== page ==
Anyone who tells you they know whether Congress will bring up – much less pass – any new gun control legislation before they leave Washington for the year is lying.
Because only one man matters in determining the fate of any gun bill. And he’s giving all sorts of mixed signals.
“Dummy Beto made it much harder to make a deal,” President Donald Trump tweeted Wednesday morning in reference to former Texas Rep. Beto O’Rourke’s support for a mandatory buyback program on AR-15s and AK-47s. “Convinced many that Dems just want to take your guns away. Will continue forward!”
That “continuing forward” seemed to be represented by Attorney General William Barr’s presence on Capitol Hill – and the circulation of a draft proposal by White House legislative affairs director Eric Ueland and him that would require background checks on all commercially advertised gun sales. The proposal would close the so-called “gun show” loophole.
Except that on Wednesday White House spokesman Hogan Gidley made clear that what Barr and Ueland were shopping didn’t have the sign-off of the President.
“Not even close,” Gidley told The Atlantic’s Elaina Plott.
All of which leaves us, well, nowhere. Which is where we have been since the conversation about the possibility of new gun control legislation began after back-to-back shootings in El Paso, Texas and Dayton, Ohio, in early August.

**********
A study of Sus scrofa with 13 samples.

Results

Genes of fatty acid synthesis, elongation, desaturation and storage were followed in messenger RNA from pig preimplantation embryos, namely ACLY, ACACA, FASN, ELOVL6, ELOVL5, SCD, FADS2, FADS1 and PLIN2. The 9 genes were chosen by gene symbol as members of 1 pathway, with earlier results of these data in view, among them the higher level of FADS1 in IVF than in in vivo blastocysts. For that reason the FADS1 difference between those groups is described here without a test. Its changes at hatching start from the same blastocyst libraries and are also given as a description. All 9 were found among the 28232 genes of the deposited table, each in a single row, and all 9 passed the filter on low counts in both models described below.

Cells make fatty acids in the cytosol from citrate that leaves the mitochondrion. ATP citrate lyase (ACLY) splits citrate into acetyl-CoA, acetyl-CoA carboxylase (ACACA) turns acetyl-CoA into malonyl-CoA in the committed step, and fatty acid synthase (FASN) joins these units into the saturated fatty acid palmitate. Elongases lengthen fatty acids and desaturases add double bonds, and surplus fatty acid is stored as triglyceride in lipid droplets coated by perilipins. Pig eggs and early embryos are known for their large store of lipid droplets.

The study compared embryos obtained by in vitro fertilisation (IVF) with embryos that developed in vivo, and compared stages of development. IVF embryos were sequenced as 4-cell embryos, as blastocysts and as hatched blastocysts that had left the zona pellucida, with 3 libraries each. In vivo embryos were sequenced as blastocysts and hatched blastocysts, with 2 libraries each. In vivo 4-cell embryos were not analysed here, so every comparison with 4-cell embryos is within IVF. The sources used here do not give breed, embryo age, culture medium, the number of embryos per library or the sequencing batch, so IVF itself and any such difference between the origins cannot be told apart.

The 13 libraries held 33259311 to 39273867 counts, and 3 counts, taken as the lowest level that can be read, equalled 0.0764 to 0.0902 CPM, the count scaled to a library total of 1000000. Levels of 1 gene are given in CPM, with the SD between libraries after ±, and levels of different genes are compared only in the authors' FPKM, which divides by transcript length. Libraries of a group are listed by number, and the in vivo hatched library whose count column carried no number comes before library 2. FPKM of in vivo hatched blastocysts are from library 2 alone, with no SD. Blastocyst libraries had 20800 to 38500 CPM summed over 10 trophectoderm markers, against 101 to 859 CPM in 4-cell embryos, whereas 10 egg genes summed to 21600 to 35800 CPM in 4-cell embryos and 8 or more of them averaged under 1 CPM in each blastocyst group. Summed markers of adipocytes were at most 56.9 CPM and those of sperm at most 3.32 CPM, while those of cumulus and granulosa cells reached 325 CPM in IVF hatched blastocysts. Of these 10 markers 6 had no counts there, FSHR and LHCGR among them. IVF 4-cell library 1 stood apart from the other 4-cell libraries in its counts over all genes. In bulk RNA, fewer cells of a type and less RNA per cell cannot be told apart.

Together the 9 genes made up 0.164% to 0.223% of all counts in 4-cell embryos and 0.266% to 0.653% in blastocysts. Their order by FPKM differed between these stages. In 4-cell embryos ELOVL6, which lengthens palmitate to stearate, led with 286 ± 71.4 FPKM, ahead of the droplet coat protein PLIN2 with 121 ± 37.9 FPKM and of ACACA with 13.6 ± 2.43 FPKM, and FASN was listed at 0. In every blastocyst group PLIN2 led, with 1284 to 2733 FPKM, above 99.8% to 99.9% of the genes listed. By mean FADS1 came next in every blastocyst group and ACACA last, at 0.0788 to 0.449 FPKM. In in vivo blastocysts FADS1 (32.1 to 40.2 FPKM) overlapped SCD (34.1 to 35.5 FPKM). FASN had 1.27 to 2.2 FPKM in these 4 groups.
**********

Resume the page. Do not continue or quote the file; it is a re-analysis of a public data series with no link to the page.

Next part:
You can almost hear the weariness (and wariness) in Senate Majority Leader Mitch McConnell’s (Kentucky) voice when he was asked about the status of a gun bill earlier this week by reporters. “I still await guidance from the White House as to what (Trump) thinks he’s comfortable signing,” said McConnell. “If and when that happens, then we’ll have a real possibility of actually changing the law and hopefully making some progress.”
McConnell has been saying virtually that same thing since the day after the El Paso and Dayton shootings. And while it makes his Democratic critics crazy, it’s really just a frank assessment of the political reality in Washington on guns these days.
If Trump wants something to pass and puts his Twitter feed and his cadre of supporters behind it, it will likely pass. If he doesn’t back it – or backs some legislation and then walks away from it amid an uproar from the National Rifle Association – it won’t.
The Point: Trump’s is the only voice that matters here. And he continues to speak out of both sides of his mouth.